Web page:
NEWS

China's Initiatives in Africa

November 09, 2006
Rahul Bhonsle

China has been making major forays into Africa over the last few years. Chinese foray in the energy sector in Africa has led to the region providing 30 percent of its crude oil requirements in 2005 to the tune of 38.34 million tons. The heavy energy requirements for growth in China have led to its exploration in these and other prospective areas providing oil and natural gas.

China's investment in Africa is evident from the 27 major oil and natural gas projects which have been undertaken in 14 countries including some which are having perennial security problems such as Sudan, Algeria, Angola and Nigeria. Of these Angola has been the second largest source of oil for China providing it 17.46 tons, just behind Saudi Arabia at 22.18 tons. Congo, Sudan and Equatorial Guinea also figured in the top ten oil exporting countries to China.

China is also known to be actively involved in road construction, bridging, hospitals and health facilities in Africa. The Chinese believe that this has been a mutually beneficial arrangement. China is also claiming to have developed the abilities to process oilfields with difficult geological conditions and with low and depleted yields.

Chinese initiatives and long term relationship with African countries were recently highlighted by the Chinese State Councilor Tang Jiaxuan in an interview with the Xinhua News Agency. The principal issues stated are summarized as follows:-

Politically, China and Africa are seen as strategic partners who have developed trust and support each other. High-level exchanges and dialogue is said to be maintained with popular support at various levels. Each is treated as equal and mutual non interference in internal affairs is the key issue. Coalition is strengthened internationally and joint promotion of democracy is the key.

Economically, enhancing South-South co-operation and North-South dialogue and economic globalization to develop balanced, general and win-win benefits is considered the motive. Chinese government will attempt to encourage and assist Chinese companies to invest in Africa and provide reciprocal arrangements for African companies in China.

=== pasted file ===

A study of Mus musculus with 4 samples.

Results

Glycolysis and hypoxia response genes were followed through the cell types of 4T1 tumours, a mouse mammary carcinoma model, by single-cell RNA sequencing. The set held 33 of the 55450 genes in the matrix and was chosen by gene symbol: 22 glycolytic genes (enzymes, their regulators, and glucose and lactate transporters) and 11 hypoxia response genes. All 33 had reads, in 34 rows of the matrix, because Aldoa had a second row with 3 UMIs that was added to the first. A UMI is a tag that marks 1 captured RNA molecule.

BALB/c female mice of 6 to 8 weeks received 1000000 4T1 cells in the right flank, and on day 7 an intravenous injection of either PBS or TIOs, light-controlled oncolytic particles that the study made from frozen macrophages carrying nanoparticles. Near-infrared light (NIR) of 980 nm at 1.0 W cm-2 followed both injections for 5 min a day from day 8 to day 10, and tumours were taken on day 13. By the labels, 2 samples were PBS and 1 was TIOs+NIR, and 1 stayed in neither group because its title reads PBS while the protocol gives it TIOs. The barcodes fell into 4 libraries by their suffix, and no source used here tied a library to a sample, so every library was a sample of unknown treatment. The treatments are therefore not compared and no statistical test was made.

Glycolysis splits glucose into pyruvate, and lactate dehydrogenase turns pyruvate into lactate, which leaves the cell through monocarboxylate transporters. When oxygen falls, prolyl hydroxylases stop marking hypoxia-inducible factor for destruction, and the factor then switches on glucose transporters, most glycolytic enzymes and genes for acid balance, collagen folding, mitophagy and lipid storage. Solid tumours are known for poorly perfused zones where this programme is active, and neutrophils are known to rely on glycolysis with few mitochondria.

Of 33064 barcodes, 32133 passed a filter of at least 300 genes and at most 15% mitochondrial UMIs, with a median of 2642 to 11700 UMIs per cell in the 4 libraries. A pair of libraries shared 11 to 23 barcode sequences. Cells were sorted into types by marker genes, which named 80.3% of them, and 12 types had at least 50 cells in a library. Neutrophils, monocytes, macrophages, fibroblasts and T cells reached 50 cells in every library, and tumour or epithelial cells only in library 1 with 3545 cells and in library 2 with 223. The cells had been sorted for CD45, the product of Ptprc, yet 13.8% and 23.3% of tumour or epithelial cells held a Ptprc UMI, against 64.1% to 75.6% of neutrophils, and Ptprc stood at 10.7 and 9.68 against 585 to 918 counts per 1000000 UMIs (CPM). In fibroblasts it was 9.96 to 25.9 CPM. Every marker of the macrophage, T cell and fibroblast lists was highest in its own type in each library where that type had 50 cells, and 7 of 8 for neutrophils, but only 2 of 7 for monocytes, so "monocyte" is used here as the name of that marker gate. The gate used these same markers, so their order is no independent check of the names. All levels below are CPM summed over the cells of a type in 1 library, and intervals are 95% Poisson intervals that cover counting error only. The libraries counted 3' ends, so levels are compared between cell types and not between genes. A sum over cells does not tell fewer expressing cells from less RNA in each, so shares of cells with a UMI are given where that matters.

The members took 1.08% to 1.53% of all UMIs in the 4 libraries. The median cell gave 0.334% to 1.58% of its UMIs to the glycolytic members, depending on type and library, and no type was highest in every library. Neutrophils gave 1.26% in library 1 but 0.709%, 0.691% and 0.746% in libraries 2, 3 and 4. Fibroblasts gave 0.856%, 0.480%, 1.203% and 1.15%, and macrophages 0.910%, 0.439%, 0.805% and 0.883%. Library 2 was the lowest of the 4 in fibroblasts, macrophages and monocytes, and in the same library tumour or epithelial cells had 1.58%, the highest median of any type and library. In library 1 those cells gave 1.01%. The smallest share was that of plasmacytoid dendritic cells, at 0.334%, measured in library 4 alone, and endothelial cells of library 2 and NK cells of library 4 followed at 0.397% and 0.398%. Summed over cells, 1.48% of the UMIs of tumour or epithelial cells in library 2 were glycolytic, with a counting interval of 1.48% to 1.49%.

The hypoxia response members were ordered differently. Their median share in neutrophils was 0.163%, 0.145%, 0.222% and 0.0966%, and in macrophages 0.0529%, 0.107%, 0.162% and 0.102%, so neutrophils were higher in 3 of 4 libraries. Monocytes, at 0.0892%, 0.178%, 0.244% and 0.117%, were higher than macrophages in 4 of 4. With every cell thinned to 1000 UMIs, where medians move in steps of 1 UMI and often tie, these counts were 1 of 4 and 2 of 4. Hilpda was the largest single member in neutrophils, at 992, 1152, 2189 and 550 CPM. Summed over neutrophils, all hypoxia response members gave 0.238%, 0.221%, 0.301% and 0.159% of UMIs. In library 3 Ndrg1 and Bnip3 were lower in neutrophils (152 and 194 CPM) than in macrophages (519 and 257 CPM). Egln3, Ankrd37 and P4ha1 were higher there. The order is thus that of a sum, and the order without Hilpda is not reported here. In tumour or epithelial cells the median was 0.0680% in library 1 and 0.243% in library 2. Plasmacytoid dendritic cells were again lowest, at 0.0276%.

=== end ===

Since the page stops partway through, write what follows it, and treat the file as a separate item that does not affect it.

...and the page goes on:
Culturally, China and Africa form partners in advancing human civilization and building a harmonious world. Governance, cultural diversity, promotion of tolerance, dialogue and equality among different civilizations to draw upon each other's strength is the key for common prosperity as indicated in the interview by Tang.

A forum on China-Africa Co-operation (FOCAC) has been formed as the chief instrument for developing China Africa friendship. A summit to promote Sino African understanding has been held. The theme of this Summit is "Friendship, Peace, Co-operation and Development." This is designed to forge the strategic partnership and sustain bilateral cooperation in various spheres. In 2005, the volume of China-Africa trade reached US$39.8 billion. It included US$21.1 billion in imports from Africa, which exceeded China's exports to Africa. A majority of these imports were in terms of oil and natural gas.

China is also stated to have substantially increased its investments in Africa which have reached US$6.27 billion. China has launched over 800 non-financial investment projects in 49 African countries, covering trade, manufacturing and processing, resource development, communications and agriculture. China has completed 720 major projects in 49 African countries and 58 projects have been launched in 26 African countries with preferential loans from China. China has exempted 10.9 billion Yuan (US$1.34 billion) in debts by 31 heavily indebted poor countries and least developed countries in Africa, and extends zero-tariff treatment to some imports from 28 least developed countries in Africa. China has also trained over 14,600 African personnel in various fields. Thus the Chinese cooperation with Africa in the field of trade, development, economic assistance and human resource development is well established.

Rahul K Bhonsle is a veteran soldier and security analyst based in South Asia, specializing in strategic risk prediction, future warfare and human security. He has a number of publications to his credit and is also Editor of South Asia Security Trends, a monthly trend analyser on South Asia. His web site is www.security-risks.com and can be contacted at rkbhonsle@gmail.com
Sujai
02:49 PM

Its a pity that India does not see Africa as an opportunity the way China does. India is still in the adolescent age- looking towards West to rub shoulders.

We had good relations with Africa during Cold War. That cooperation should have been translated into an economic one as well.

#2
temporal
11:07 PM

rahul:

for comparison what is the amount spent by european union and the us there?